AM as a Force for Good (Authentise Weekly 3D News Review – Week 48)

Hello everyone, this is another edition of the Week-in-Review, brought to you by Authentise!

This holiday season it’s becoming clearer than ever that additive is a force for good, helping us face many of our biggest challenges. The Nepal natural disaster response is shifting gears and starting to employ AM in the reconstruction efforts. Audi is partnering with Part-Time Scientists to participate in the Google Lunar XPRIZE, bringing their AM enabled rover. This shopping season studies are also showing that our “modern” supply chains are not as efficient as we think; local, per-order production driven by AM could be the missing piece.

We’ve got a lot to cover, let’s dig in.

In Nepal, Oxfam earmarks earthquake response funds for 3-D printing

Oxfam is entering a new phase of reconstruction response in Nepal one and a half years after a 7.8-magnitude earthquake devastated much of the Himalayan country. The suite of experimental methods being tried include using repurposed plastic bottles as vital home insulation, 3-D printers to instantly create spare parts in remote rural locations and a handful of mapping mobile apps.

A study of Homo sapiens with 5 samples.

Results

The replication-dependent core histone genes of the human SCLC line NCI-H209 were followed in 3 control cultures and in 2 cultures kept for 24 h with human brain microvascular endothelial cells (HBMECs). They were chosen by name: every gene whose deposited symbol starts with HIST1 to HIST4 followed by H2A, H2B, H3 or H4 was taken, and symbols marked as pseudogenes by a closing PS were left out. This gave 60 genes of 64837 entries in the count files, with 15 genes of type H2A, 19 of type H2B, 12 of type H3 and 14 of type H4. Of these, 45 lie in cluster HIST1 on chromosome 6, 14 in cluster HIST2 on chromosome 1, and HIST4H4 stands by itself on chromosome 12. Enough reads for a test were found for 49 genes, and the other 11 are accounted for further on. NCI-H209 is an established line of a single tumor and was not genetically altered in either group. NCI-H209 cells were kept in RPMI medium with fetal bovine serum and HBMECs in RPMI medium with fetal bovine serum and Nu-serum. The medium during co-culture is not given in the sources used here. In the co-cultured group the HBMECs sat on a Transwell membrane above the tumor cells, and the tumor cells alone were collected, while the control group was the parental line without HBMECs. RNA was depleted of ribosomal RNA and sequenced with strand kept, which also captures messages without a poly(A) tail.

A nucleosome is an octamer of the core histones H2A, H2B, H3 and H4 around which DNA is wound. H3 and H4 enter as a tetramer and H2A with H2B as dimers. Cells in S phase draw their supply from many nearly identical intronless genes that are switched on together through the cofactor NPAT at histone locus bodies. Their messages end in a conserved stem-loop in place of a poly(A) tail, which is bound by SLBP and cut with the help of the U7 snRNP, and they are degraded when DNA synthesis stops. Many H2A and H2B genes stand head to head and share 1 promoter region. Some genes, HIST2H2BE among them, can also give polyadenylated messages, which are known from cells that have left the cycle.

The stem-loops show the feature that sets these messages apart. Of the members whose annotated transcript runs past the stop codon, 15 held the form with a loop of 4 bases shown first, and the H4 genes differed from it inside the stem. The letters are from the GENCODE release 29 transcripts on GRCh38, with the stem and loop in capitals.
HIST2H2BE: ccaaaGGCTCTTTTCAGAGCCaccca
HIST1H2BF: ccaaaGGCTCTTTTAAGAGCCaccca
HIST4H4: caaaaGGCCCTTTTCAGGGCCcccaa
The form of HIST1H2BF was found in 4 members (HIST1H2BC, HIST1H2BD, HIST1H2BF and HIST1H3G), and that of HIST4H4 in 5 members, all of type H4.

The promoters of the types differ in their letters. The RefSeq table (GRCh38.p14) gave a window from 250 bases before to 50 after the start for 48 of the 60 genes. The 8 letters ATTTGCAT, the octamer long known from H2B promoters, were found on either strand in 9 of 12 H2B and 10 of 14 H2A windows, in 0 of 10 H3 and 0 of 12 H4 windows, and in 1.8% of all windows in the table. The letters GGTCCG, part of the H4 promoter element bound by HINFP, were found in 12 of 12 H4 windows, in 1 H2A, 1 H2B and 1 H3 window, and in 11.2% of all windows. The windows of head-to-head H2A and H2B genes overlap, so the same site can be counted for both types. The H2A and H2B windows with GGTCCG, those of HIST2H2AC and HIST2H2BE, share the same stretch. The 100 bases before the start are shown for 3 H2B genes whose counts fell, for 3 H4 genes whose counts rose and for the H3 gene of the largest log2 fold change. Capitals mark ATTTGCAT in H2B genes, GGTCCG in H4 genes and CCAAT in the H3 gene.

Read more at Devex.

Audi’s lunar rover with 3D-printed parts set to launch next year


Partnering with a space travel group called Part-Time Scientists, Audi have entered the Google Lunar XPRIZE competition. Working together since 2015, the goal is to send the co-developed rover to the moon and complete a set of required tasks. Audi have highlighted 3D printing, specifically, as a particularly helpful technique in the construction of the Lunar Quattro. In this case, the wheels of the rover were made with the aid of 3D printing, reducing down time and saving weight.

Read more at TCT.

‘Free’ Returns Aren’t Free


As those with Black Friday fatigue move to shopping online from the comfort of their homes, they’re attracted not just by deals and promises of free shipping, but also by the increasingly common safety net of free returns. But neither of these services is really free. Much has been written about how much “free” shipping actually costs retailers, and as the ability to return goods at no cost becomes an increasingly normal part of online shopping—particularly during the holidays—that service too is becoming more burdensome for merchants. “The annual retail return rate is around 8% , but can reach up to 30% for e-commerce sales, especially in categories like apparel,” Tobin Moore, the CEO of Optoro, a company that specializes in returns, said in an email.

Read more here.

We’ll be back next week for another Week-in-Review!